Monday, February 24, 2014

A Day At The Museum: Oh, You Isabella

The Isabella Stewart Gardner Museum

What took me so long? I finally visited the Isabella Stewart Gardner Museum in Boston this weekend and it did not disappoint. I've wanted to visit for years, but it just hadn't happened until my sister sent me a postcard about a month ago, that she had gotten there on her last visit. The courtyard looked so utterly peaceful. It was beckoning.

When my sister asked if I wanted to go in for a visit and stay overnight, of course I said yes.

We were planning to visit on Saturday, but when we got to beantown, it was so unbelievably nice out we decided to save the museum for Sunday so we could walk around town and enjoy the weather.  We made the right choice. Sunday was still warm, but not as sunny. The perfect day for the museum.

We were greeted by Canada geese pecking on grass.......Boston had much less snow than we do.  A pretty welcome sight after the last week of back to back to back storms.




For those of you who have never heard of the Isabella Stewart Gardner Museum, it was conceived, created and the permanent collection was curated by the woman herself, Isabella Stewart Gardner.  I'd hazard a guess that she is one of the most philanthropic art supporters to have ever lived, certainly in the United States.  She was not only a collector, but understood the importance of sharing the art she collected with others.  When her collection became too large for the home on Beacon Hill that she shared with her husband Jack, they discussed dreams of creating a museum. Upon his death, Isabella made it her mission to make it happen, purchasing marshy land in the Fenway area of Boston and transforming it.  She hired an architect Willard T. Sears to build what she envisioned.  She had very specific ideas of what she wanted the museum to look like, inspired by the beautiful renaissance palaces of Venice.  It opened in 1903.

Years later the new addition was built, which includes the greenhouses that support the amazing inner courtyard.  The museum entrance is here, and it is quite a juxtaposition to the original building that houses the collection.


Once in the museum, unfortunately pictures are not allowed (though sketching is and I will be bringing a pad next visit). Part of the reason I'm sure is for conservation of the works of art, but also the museum suffered one of the most notorious art thefts of all time 23 years ago- with works of Rembrandt, Degas, Vermeer and others being stolen. The works have yet to be recovered.

As you leave the entrance area and into the museum,  you move through low arched cloisters that  surround the courtyard.  The courtyard itself is truly a work of art.




The feeling of peace and calm the courtyard exudes can't be over emphasized.  I could sit and look at it for hours.

Surrounding the courtyard are all the galleries which cover an amazing amount of art.

Each room focuses on a different collection.  Two of my favorite rooms were the Spanish Cloister which housed El Jaleo by John Singer Sargent and if I had to pick one, would be my favorite work of art at the museum. It's big and takes up one entire end of the cloister.  It is surrounded by a moorish arch that Mrs. Gardner had built just for that purpose.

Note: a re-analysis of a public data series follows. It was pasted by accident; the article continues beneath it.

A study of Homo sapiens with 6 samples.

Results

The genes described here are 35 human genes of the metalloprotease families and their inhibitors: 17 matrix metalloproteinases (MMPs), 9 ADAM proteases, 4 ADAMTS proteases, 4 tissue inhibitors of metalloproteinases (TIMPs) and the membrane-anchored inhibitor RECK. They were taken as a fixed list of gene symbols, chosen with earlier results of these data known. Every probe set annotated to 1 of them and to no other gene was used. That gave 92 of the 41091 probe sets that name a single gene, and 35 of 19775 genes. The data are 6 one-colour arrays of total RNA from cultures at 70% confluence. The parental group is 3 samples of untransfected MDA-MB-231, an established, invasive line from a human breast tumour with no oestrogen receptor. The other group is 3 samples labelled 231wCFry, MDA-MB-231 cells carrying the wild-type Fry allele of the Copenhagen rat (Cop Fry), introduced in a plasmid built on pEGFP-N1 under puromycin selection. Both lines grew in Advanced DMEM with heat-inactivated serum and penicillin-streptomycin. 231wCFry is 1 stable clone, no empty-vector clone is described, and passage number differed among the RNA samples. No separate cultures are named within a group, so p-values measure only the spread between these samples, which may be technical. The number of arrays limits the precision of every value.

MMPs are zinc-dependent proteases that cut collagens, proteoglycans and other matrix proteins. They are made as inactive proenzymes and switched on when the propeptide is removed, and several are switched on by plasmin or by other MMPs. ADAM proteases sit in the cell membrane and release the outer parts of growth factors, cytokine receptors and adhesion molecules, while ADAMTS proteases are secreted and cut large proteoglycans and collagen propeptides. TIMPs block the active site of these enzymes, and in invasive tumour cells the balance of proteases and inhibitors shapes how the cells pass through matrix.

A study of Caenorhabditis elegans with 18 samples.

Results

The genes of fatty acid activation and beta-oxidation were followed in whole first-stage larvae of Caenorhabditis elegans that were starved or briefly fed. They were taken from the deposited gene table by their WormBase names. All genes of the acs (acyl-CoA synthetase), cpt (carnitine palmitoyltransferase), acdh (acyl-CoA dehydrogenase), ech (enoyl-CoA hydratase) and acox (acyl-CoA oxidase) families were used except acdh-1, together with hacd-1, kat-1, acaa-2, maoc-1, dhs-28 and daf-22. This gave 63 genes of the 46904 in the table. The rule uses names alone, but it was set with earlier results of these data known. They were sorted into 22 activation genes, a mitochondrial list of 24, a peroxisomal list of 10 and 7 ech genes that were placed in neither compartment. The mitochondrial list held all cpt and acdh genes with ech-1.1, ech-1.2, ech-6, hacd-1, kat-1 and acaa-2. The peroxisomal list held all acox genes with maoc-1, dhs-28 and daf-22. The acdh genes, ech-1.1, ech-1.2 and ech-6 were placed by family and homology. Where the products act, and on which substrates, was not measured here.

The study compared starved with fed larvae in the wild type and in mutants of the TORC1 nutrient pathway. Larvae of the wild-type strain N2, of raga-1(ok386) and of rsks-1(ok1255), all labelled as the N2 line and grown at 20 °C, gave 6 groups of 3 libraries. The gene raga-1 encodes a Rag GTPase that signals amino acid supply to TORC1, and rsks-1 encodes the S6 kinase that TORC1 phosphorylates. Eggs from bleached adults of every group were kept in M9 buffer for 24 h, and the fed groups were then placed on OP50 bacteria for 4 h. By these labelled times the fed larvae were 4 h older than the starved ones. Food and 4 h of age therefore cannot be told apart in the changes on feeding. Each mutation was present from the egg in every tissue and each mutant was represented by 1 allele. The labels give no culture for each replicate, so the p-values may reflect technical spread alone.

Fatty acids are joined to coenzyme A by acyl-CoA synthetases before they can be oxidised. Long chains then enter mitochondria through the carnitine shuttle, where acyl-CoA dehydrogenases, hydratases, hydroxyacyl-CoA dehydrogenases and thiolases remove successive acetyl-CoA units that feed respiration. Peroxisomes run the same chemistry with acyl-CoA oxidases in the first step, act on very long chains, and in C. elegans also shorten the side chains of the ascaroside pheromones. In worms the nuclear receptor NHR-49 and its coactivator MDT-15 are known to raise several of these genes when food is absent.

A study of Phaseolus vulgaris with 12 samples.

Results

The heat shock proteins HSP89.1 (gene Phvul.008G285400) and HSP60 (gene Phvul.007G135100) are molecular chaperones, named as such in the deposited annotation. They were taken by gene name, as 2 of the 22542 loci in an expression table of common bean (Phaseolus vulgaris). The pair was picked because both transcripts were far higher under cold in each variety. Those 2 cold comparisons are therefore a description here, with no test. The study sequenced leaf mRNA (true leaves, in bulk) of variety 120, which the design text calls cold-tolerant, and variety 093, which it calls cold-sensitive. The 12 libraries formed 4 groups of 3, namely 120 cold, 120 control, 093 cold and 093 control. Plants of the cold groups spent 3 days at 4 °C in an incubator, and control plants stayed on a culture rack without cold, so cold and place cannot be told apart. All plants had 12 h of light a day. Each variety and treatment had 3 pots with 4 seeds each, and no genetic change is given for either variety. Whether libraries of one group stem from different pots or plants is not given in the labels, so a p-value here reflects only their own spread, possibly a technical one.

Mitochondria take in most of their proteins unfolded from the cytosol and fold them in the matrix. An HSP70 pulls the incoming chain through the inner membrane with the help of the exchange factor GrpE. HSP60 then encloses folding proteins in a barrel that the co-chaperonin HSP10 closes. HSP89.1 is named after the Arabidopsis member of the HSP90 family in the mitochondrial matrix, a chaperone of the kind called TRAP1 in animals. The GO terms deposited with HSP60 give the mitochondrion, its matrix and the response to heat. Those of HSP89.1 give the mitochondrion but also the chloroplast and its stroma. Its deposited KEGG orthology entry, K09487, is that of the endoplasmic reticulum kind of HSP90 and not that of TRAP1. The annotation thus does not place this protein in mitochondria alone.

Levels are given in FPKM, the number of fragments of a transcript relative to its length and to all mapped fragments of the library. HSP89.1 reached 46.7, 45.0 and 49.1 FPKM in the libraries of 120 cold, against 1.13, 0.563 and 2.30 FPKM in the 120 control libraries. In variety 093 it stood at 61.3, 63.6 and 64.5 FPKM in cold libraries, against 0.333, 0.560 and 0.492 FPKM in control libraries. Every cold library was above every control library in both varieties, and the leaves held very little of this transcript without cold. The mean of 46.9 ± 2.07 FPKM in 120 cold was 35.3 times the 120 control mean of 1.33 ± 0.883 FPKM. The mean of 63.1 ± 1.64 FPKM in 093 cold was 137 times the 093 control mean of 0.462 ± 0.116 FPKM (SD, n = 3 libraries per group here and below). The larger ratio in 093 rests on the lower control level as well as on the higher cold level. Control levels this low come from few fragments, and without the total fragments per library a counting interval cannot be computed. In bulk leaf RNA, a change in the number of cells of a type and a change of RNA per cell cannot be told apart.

Breathtaking and incredibly impressive. So much so that I had to stop and view it from the other end of the cloister again on the way out.


http://www.gardnermuseum.org
 

I got myself a little magnet of it in the gift shop as well as some postcards of other pieces I loved of Isabella, and pictures of the courtyard.




The top right portrait of Isabella was done by her friend Anders Zorn, who with his wife, was vacationing with the Gardners in Venice. Isabella was stepping back in from the balcony through glass doors with a fireworks display lighting up the sky behind her and announcing to those present that they 'must come to the balcony to see the fireworks as they were too beautiful to miss'.  The color of the floor in the painting was amazing. The most incredible peacock blue which is not done justice on the postcard I'm afraid.  The portrait of her on the right is by her other friend Sargent, a watercolor of her at a later time, looking quite ethereal all wrapped in white.

I always find it an incredible and inspiring experience to visit a museum and be in close proximity to works of art so many people have admired.  As I exited one of the rooms, just at the door was a lovely ballerina sketch by Degas, not a foot from me.  

All and all a memorable art experience. I came away completely enthralled with not only the building itself and the art it holds, but Isabella who in addition to being a sincere philanthropist was also quite a character who served as frequent fodder for the gossip columns (one famous story is of Isabella attending the Boston Symphony Orchestra donning a headband of sorts with 'Oh, You Red Sox on it, which was quite scandalous at the time).  I'll be reading more about this amazing woman, to be sure, as well as revisiting the dream she not only envisioned, but brought to life for others to enjoy.

More on my Boston visit this week on the muse, including the answer to 'Can a bear and monkey play together and get along?'.

Ciao for now,

 



6 comments:

  1. Replies
    1. incredible art, beautiful landscaping, truly peaceful

    1. There were other gossip scandals too and apparently, even one of the portraits sargent painted of her showed too much skin for her husband (really not a lot of skin, certainly by today's standards). he asked her not to show it in public again until after his death.